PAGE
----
Honestly? I love it. Can't afford it and wouldn't pay that much if I could, but still.
A few weeks ago during our earliest warm spell, I put twigs in the bird bath so that the birds and bees would have firm footing to get a drink. Among those dead twigs were some blackberry-cane cuttings.
Today, while watering, I saw this and couldn't believe my eyes. But the command of spring is so strong that this long-severed blackberry cane is putting out new leaves.
Below is a close-up. (The reference to Aaron's rod budding can be found here.)
UPDATE (an hour later): Anything that wants to live that badly deserves a chance. I took the twig out of the bird bath and planted it near its kindred canes on top of a nice damp pile of compost. Will post another update if it survives. This would be a feat--after nearly a month in the bird bath, it never developed roots. Check the first photo again: no roots.
UPDATEx2 (the next day): Here are pics of the transplanted twig and its placement in the garden. We'll see how it does. Yes, the rest of those sticks are blackberry canes just sprouting leaves.
Trees are starting to bud, including the holly, which seems to confuse the bees who are gathering nectar while the mockingbirds are still eating the bright red winter berries from the same bushes. Go figure.
ANYWAY, here's a new little tea table I made from a large cheap clock that had stopped working and the iron (or maybe steel?) base from an old ice-cream table that I had used as a work desk for many years.
So now you know why I hate to throw anything away.
After the unexpected success of my folk-art jester, I attempted something considerably more challenging: a fairy.
Here she is in progress. I took great pains to sculpt her head and hands and thoroughly sand her. Since I had elevated her left leg as she prepares to fly, I created a pine-cone base to stabilize her.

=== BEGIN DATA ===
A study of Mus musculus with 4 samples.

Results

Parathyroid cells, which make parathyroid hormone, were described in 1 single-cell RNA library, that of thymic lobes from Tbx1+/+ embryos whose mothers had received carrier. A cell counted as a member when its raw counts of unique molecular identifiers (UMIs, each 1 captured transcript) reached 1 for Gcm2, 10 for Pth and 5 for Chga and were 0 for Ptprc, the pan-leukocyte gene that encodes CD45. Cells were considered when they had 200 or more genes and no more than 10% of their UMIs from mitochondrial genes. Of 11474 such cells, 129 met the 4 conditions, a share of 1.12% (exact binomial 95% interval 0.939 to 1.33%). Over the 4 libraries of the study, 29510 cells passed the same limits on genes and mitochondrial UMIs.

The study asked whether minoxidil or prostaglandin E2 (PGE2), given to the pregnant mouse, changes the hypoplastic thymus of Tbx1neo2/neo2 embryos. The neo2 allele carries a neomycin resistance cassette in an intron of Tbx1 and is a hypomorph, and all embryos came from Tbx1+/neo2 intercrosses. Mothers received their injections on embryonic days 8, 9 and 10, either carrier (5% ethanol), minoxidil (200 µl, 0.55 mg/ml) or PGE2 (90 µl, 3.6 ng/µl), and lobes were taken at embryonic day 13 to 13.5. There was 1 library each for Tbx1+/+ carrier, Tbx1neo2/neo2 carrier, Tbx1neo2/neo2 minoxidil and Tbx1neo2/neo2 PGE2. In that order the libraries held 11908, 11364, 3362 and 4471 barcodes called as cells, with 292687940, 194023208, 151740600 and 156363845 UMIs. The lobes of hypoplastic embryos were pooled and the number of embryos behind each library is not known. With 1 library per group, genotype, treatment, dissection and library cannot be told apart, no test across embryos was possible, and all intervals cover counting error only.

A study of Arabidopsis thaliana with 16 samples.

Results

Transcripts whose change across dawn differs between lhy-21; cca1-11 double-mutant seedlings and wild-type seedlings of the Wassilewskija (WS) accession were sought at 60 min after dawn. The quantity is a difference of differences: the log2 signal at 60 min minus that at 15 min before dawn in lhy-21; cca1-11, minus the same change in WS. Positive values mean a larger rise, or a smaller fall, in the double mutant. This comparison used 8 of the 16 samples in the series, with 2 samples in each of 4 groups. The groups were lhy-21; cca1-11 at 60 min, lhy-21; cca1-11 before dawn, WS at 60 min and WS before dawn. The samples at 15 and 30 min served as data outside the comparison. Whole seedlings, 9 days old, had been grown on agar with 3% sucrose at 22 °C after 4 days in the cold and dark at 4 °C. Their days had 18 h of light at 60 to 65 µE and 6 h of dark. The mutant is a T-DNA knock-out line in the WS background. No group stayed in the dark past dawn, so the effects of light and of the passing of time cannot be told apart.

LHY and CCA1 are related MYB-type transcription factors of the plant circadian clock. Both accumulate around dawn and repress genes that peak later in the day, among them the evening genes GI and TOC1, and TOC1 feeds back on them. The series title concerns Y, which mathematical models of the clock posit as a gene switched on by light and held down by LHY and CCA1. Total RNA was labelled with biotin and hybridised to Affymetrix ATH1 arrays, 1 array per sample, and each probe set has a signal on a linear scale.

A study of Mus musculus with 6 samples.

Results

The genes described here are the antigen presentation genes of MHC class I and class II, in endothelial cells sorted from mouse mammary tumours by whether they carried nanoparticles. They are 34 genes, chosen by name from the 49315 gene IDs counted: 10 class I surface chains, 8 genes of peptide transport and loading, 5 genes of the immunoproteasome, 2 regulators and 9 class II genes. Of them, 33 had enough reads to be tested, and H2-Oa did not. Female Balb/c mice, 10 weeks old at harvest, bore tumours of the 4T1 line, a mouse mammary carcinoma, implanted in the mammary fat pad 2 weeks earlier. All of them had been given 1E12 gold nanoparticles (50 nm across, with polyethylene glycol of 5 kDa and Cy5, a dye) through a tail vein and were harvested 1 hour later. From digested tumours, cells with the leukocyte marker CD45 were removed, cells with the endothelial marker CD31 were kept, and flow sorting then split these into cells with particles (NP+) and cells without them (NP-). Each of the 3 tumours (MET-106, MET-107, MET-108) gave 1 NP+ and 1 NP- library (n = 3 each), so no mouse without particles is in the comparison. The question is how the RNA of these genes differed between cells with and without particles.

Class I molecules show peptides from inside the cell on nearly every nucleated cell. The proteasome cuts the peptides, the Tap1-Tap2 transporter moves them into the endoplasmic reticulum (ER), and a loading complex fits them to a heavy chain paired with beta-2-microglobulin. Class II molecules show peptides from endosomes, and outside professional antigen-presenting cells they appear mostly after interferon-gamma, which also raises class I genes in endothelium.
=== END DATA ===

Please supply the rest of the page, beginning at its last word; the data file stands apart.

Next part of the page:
Here she is assembled, with a demure purple body suit and fairy shoes.
Now, at this point I began having trouble with her face and hair. I attempted several times to paint her face in soft feminine shades, but she looked too made-up. I had pink shredded ribbon ready for the hair, but could not get it glued on smoothly.
My ten-year-old granddaughter had been watching this progress in interest, offering several times to assist in the fairy's makeup and costuming. I resisted her kind offers at first, then finally handed her the doll in frustration. "Have at it," I said.
And, she did. Man, did she. Below the fold is the final product.
I'm not sure why I decided to try paperclay, but here's what a month's off-and-on effort got me:
A folk-art Rudolph Valentino. :/ (I didn't make the clock; that's just to help him stand.) Here's a close-up of his face:
Heaven help me; I'm working on a fairy now. Gruesome pics to come.
This is the funniest coincidence I've experienced in a long time--
Here's a terrible photo of a gorgeous calendar of botanical prints that I've kept in storage since . . . 2000. Two days ago I found it while cleaning out the storage shed, and said to myself, "Self, a 17-year-old calendar needs to be tossed, regardless how beautiful it is." So I hung it on a nail and forgot it.
While fetching something from the shed today, I looked at the calendar again, and turned the page to March. I noticed that March 1, 2000, fell on . . . Wednesday. "Cool!" said I. "So 2000 is one of those years that coincides with 2017."
My first book, Chataine's Guardian, was published in 1984: the beginning of one wild ride.